Eczema is a group of conditions that causes skin to become red, irritated, itchy, and sometimes develop small, fluid-filled bumps that become moist and ooze. There are many forms of eczema, but atopic eczema is one of the most common.
Doctors don't know exactly what causes atopic eczema, also called atopic dermatitis (pronounced: der-muh-tie-tis), but they think it could be a difference in the way a person's immune system reacts to things. Skin allergies may be involved in some forms of eczema.
Eczema isn't contagious and most people with eczema have family members with the condition. Researchers think it's inherited or passed through the genes. Eczema is fairly common - approximately 1 in 10 people in the world will be affected by it at some point in their lives.
Signs and Symptoms
In many people, the itchy patches of eczema usually appear where the elbow bends; on the backs of the knees, ankles, and wrists; and on the face, neck, and upper chest - although any part of the body can be affected.
In an eczema flare-up, skin may feel hot and itchy at first. Then, if the person scratches, the skin may become red, inflamed, or blistered. Some people who have eczema scratch their skin so much it becomes almost leathery in texture. Others find that their skin becomes extremely dry and scaly. Even though many people have eczema, the symptoms can vary quite a bit from person to person.
What Do Doctors Do to treat Eczema?
If you think you have eczema, see your dermatologist for evaluation.
If you're diagnosed with eczema, your doctor might:
- prescribe medications to soothe the redness and irritation, such as creams or ointments that contain corticosteroids, or antihistamine pills
- recommend other medications to take internally if the eczema is secure or you get it often
For some people with severe eczema, ultraviolet light therapy can help clear up the condition.
If eczema doesn't respond to normal treatment, your doctor may recommend allergy testing to see if something else is triggering the condition, especially if you have asthma or seasonal allergies.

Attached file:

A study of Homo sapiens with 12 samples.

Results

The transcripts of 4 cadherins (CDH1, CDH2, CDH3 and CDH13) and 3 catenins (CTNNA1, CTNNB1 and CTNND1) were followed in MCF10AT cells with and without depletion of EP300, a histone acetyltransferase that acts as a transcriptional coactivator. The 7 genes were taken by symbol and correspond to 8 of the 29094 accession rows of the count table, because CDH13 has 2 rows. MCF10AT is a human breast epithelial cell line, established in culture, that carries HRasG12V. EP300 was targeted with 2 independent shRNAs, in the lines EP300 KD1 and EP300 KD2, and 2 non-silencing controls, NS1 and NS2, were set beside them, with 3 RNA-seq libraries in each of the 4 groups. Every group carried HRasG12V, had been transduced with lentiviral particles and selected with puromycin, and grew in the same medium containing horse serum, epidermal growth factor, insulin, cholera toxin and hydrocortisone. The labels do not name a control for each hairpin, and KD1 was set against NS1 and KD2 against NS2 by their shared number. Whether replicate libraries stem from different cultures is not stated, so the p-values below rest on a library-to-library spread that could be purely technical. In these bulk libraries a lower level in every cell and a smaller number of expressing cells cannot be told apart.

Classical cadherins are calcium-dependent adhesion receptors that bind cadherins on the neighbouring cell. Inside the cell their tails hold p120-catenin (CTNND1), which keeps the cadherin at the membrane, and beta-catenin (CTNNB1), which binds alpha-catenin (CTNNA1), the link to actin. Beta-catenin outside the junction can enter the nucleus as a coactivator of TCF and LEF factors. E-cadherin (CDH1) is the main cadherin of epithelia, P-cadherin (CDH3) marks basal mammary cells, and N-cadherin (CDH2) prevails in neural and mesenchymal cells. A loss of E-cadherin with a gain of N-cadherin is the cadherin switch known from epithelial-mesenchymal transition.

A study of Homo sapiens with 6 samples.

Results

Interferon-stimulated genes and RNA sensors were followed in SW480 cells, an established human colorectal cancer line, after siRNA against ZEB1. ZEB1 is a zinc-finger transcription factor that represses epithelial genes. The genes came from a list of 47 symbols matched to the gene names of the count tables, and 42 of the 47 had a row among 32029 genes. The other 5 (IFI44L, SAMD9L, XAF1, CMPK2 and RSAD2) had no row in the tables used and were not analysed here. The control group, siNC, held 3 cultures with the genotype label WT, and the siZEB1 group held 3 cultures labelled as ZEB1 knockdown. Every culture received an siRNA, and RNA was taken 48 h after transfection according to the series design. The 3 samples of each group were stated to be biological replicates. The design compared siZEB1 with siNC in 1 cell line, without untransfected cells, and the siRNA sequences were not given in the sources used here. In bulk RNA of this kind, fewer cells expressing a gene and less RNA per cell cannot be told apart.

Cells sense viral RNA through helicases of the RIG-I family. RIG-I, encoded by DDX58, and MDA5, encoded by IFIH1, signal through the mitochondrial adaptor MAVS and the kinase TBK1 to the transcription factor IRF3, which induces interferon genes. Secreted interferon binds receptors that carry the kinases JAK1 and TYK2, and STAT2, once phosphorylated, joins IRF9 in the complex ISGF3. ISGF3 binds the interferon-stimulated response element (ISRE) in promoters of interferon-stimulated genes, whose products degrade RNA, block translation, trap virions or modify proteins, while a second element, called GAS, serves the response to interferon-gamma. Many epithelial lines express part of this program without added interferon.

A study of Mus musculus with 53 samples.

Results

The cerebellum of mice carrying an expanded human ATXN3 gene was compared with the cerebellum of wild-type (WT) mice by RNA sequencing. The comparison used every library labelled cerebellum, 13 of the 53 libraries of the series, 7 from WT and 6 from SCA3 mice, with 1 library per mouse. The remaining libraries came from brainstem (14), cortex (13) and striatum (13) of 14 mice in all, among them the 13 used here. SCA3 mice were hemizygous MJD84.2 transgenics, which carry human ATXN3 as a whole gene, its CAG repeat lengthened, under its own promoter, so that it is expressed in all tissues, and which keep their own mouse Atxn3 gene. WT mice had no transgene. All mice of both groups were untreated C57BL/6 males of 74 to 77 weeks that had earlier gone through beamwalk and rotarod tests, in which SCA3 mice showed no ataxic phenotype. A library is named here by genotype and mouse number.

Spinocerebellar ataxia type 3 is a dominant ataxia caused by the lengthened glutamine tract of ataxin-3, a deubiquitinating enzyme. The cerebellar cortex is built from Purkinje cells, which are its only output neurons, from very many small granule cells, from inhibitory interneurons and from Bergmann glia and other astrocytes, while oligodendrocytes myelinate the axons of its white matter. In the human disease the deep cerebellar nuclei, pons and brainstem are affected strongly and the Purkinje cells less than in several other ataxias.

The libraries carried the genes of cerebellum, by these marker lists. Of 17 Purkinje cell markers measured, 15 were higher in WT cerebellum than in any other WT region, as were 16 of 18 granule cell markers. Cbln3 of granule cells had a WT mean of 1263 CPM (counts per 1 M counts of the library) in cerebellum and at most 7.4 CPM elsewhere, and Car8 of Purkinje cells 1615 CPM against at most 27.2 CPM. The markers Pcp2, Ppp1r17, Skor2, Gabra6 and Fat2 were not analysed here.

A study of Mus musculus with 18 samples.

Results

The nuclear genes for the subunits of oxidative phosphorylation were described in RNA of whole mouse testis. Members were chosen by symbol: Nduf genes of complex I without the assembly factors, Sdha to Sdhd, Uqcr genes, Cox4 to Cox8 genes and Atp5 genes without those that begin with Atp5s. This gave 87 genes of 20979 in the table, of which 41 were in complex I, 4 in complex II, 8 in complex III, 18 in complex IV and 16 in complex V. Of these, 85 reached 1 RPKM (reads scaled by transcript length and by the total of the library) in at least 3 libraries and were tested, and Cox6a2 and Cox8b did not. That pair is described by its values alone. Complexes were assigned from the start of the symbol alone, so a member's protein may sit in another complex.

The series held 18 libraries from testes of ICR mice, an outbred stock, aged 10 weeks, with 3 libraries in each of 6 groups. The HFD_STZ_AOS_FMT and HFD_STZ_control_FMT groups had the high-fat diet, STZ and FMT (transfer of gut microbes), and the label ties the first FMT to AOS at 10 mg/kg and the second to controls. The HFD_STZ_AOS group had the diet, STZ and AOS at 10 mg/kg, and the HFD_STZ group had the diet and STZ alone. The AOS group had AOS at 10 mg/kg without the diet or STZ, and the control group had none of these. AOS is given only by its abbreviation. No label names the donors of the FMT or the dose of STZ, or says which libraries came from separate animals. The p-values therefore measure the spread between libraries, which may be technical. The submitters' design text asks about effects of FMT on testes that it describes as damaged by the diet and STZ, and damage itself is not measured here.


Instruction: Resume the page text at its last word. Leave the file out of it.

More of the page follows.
Eczema can't be cured, but there are plenty of things you can do to prevent a flare-up. For facial eczema, wash gently with a nondrying facial cleanser or soap substitute, use a facial moisturizer that is noncomedogenic/oil-free, and apply only hypoallergenic makeup and sunscreens.
In addition, these tips may help
- Avoid substances that stress your skin. Besides your known triggers, some things you may want to avoid include household cleaners, drying soaps, detergents, and fragranced lotions.
- H2O is a no-no. Too much exposure to water can dry out your skin, so take short warm - not hot - showers and baths and wear gloves if your hands will be in water for long periods of time. Be sure to gently and thoroughly pat your skin dry, as rubbing with a coarse towel will irritate the eczema. Also, it isn't the water that causes your skin to react; it's the water evaporating if not dried soon enough.
- Say yes to cotton. Clothes made of scratchy fabric like wool can irritate your skin. Cotton clothes are a better bet.
- Moisturize! A fragrance-free moisturizer such as petroleum jelly will prevent your skin from becoming irritated and cracked.
- Don't scratch that itch. Even though it's difficult to resist, scratching your itch can worsen eczema and make it more difficult for the skin to heal because you can break the skin and bacteria can get in, causing an infection.
- Keep your cool. Sudden changes in temperature, sweating, and becoming overheated may cause your eczema to kick in.
- Take your meds. Follow your doctor's or dermatologist's directions and take your medication as directed.
- Unwind. Stress can aggravate eczema, so try to relax.